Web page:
Abdominal Surgery: Comprehensive Assessment Predicts Postoperative Pulmonary Complications

Postoperative pulmonary complications (PPCs) after major abdominal surgery are common, with risk increasing with patient age. Major abdominal surgeries alter and disrupt diaphragmatic dysfunction, which has been proven causative of PPCs.

Postoperative pulmonary complications (PPCs) after major abdominal surgery are common, with risk increasing with patient age. Major abdominal surgeries alter and disrupt diaphragmatic dysfunction, which has been proven causative of PPCs.

Researchers from Mount Sinai St. Luke’s Hospital and Mount Sinai Roosevelt Hospital, New York, concerned about PPCs’ high morbidity and cost, recently used the American College of Surgeons’ National Surgical Quality Improvement Program database to identify the risk factors for PPCs after major abdominal surgery. Patients who develop PPCs remain in the hospital an average of 11 days longer than others and incur $31,000 in excess costs.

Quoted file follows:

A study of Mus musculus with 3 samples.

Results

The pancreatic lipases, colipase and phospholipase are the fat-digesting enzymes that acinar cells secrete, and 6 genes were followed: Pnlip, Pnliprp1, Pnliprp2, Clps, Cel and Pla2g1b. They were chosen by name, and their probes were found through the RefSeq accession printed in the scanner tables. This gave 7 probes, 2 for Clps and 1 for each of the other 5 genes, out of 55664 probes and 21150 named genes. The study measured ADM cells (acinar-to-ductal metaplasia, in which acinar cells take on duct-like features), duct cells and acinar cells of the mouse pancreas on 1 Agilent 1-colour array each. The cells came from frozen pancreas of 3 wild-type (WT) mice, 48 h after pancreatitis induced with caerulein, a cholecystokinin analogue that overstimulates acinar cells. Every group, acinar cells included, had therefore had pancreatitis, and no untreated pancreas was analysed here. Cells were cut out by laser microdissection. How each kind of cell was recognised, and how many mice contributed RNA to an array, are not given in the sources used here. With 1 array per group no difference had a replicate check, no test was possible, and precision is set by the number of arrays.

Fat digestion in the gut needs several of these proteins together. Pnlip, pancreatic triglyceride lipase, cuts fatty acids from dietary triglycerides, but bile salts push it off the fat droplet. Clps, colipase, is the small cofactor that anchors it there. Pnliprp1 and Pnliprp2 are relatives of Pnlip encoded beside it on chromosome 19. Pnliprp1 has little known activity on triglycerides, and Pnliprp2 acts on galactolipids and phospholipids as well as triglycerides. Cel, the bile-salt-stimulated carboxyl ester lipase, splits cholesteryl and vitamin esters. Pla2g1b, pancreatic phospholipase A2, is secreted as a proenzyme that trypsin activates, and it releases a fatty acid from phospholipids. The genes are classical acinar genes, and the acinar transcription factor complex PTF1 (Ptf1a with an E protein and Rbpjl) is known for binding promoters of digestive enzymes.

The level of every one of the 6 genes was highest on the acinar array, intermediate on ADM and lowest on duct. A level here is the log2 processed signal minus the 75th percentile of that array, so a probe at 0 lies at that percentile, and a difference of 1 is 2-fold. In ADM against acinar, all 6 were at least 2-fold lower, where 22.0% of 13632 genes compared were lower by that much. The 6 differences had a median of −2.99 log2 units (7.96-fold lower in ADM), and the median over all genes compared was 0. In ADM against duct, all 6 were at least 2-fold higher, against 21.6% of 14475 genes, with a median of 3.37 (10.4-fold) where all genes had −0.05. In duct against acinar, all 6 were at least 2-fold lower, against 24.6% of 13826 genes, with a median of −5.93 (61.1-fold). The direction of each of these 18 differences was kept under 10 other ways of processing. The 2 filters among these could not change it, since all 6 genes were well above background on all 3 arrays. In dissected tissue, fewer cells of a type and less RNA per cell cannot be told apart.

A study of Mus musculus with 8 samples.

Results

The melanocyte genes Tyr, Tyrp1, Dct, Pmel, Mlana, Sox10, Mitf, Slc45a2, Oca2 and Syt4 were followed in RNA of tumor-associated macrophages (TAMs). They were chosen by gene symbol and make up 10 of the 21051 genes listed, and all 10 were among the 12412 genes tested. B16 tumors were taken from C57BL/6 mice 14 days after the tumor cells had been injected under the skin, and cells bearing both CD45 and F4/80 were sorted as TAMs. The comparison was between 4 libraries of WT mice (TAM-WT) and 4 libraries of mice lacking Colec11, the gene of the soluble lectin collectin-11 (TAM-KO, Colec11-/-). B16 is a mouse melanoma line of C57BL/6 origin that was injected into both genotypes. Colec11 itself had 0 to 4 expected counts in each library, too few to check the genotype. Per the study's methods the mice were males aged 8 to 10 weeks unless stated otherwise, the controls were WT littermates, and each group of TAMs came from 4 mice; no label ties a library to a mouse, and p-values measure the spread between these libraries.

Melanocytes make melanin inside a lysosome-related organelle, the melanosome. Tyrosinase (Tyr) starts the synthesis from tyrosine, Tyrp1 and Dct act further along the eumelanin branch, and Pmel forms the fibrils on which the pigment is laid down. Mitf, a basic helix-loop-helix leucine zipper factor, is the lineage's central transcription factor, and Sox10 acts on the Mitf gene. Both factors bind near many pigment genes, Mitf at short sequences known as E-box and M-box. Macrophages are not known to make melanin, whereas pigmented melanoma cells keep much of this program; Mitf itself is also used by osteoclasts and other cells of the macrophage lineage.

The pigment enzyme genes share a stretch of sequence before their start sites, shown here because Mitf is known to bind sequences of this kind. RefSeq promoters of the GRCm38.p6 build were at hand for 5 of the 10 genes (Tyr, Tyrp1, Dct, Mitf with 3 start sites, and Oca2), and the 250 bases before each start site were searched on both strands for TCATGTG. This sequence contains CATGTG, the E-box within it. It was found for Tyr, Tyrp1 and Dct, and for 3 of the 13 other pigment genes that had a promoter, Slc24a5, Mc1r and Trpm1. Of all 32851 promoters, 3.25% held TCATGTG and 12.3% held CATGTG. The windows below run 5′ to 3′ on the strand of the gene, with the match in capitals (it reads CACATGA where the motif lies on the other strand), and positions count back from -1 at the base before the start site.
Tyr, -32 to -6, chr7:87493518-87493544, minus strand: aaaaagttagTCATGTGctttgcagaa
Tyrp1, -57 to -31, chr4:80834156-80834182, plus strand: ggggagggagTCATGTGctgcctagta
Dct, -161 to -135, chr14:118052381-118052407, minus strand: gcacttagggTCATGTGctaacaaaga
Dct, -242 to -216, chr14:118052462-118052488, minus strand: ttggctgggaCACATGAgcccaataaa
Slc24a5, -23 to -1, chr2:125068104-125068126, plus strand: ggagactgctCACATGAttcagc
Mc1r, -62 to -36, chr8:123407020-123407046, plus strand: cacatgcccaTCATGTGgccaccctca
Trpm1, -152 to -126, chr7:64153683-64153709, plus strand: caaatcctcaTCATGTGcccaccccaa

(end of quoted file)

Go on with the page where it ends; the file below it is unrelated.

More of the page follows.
These researchers identified 165,196 surgical patients who underwent non-emergent esophagectomy, gastrectomy, pacnreatectomy, enterectomy, hepatectomy, colectomy, and proctectomy—the abdominal surgeries considered major and most likely to be associated with PPCs—between 2005 and 2012.

Overall, approximately 6% of patient experienced PPCs. PPCs could be divided into pneumonia (3.2%), prolonged ventilator support within 48 hours (3%), and unplanned intubation (2.8%).

Likelihood of developing PPCs was elevated by a factor of 5 in patients with esophagectomy, probably due to proximity to the diaphragm. Factor that doubled risk included American Society of Anesthesiology Classification System rating, dependent functional status, and prolonged operative time. These risk factors aren’t modifiable; the best surgeons can do is acknowledge them and monitor postoperatively.

Advanced age (older than 80 years), severe chronic obstructive pulmonary disease, preoperative shock, ascites, and smoking also doubled risk of PPCs.

Obese patients had risk similar to non-obese patients and female sex was overall protective for PPCs.

Identifying patients at risk for developing pulmonary complications after major abdominal surgery can help monitor for adverse outcomes and catch them early when possible. This study appears in the Journal of Surgical Research.